In 1934 the sculptor John Skeaping told the Daily Mail: ‘Perhaps I ought to tell you that I have concealed something in the belly of my horse.’ In his third visit to the Tate archives, the poet Paul Farley discovers some hidden thoughts left for posterity

Notes. Have you ever been tempted to leave a few lines to posterity? At some point in our lives, we’ve all at least entertained the idea of the message in the bottle, the feint lined cri de cour, some words for the future reader to stumble upon unexpectedly. In a way, this is every writer’s stock-in-trade, at least those of us who want to be read. And many of us have been on the receiving end in some domestic setting, feeling the sad thrill in finding, say, a child’s scribble underneath old wallpaper, or a crossword puzzle completed decades ago in the carpet underlay.

Artists are no different. Take the case of John Skeaping’s Horse. Carved from mahogany and pynkado in 1933, this startled, fleering creature was displayed in Whipsnade Zoo in Bedfordshire until 1945, when it was presented to Tate. All to the good, except Skeaping’s Horse was decidedly Trojan. He’d hinted as much in a statement to the Daily Mail in early 1934: ‘Perhaps I ought to tell you that I have concealed something in the belly of my horse. It is a little bundle of papers containing my private and personal views and opinions about my contemporary artists and their work!… Posterity (if my horse survives) may get some fun out of what I have written. I hope it will, at any rate!’

Uh oh. Skeaping never lived to know whether or not his words would see the light of day (he died in 1980). In 1991, conservation work on the horse revealed a folded document:

This is practically my only opportunity of
Saying exactly what I think about
everyone.
In truth I am only interested in
myself and my own pleasure. I think that almost everyone I know
in the artistic world are just one mass
of stupidity
Henry Moore is a good
sculptor in a very limited way.
Barbara Hepworth has hardly got an
original idea in her head.
There are no other sculptors except
J. Epstein is one of the best artists
that we have
_____ Cedric Morris is one of the
_____ painters
__ and _____ ____ people I am ______.

Those faded words and part words are either not clear, or completely lost – the ink has faded, and insects have attacked and partially eaten Skeaping’s opinions.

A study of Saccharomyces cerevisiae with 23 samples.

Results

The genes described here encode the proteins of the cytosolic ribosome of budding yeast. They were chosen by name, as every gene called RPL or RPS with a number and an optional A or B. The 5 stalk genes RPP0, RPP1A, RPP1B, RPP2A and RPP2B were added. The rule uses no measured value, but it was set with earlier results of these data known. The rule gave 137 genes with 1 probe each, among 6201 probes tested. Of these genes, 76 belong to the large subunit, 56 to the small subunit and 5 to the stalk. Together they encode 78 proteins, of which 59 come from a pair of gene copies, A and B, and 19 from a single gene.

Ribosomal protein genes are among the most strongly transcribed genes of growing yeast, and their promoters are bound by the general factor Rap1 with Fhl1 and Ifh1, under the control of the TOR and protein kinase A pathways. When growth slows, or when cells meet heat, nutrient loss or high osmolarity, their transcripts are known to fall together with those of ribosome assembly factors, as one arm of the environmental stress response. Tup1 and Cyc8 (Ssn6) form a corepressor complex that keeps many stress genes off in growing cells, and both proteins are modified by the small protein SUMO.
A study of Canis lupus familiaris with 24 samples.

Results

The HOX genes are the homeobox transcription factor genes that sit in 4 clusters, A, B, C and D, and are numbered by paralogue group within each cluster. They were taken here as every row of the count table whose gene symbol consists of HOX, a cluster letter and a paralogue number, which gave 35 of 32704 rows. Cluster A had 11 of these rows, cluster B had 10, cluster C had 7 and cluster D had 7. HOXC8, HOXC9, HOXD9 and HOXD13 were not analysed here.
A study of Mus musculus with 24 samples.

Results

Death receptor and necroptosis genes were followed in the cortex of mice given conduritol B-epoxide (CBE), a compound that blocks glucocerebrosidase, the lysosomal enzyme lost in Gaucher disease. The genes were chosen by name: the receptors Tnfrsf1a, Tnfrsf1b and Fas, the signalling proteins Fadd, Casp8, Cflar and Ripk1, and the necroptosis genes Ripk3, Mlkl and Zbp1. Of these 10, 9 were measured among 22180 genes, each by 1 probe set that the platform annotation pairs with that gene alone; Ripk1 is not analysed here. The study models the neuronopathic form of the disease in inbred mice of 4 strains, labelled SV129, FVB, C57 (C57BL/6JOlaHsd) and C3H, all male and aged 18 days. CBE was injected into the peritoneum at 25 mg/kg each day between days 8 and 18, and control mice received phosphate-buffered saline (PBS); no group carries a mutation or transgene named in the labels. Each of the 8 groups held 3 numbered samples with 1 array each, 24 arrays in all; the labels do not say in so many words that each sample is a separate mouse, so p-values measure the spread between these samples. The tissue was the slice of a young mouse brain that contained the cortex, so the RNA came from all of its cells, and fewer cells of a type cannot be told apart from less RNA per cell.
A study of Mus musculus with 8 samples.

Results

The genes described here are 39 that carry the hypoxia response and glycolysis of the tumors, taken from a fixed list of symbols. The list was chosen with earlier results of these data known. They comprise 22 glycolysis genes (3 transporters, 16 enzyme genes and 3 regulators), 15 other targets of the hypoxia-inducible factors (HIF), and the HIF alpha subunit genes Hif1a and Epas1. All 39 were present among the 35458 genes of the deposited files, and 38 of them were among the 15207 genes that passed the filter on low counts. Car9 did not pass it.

I found this concealed artefact strangely moving. It was as if the art object, built from sound materials and designed to endure, had admitted something very human and very fragile.

Looking through the archive, though, it turns out it isn’t only artists who have striven to leave some lines here. The very fabric of the building itself contains messages. Next time you’re in Tate Britain, look up at the skylights in the Rotunda dome. Renovation work has revealed a note left up there by five plasterers working on the gallery at the end of the nineteenth century. It reads:

This was placed here on the fourth of June, 1897 Jubilee year, by the Plasterers working on the job hoping when this is found that the Plasterers Association may still be flourishing. Please let us know in the Other World when you get this, so as we can drink your Health.

The message reminds us how, in the words of T.E. Hulme’s short poem, ‘Old houses were scaffolding once / and workmen whistling’, but it also indicates how we will all, given half the chance, have our say, make our mark, and speak out of our time to our descendants. Especially, given the two notes here it seems, when we are supposed to be doing something else. John Skeaping sent a few words into the future using art as a time capsule. Those five fin-de-siècle plasterers used their intimacy with the high, dusty places above the gallery to preserve what they wanted to say. Artists and artisans alike seem highly aware, perhaps because they make things meant to last, of how nothing does for very long. Raise a glass to them now.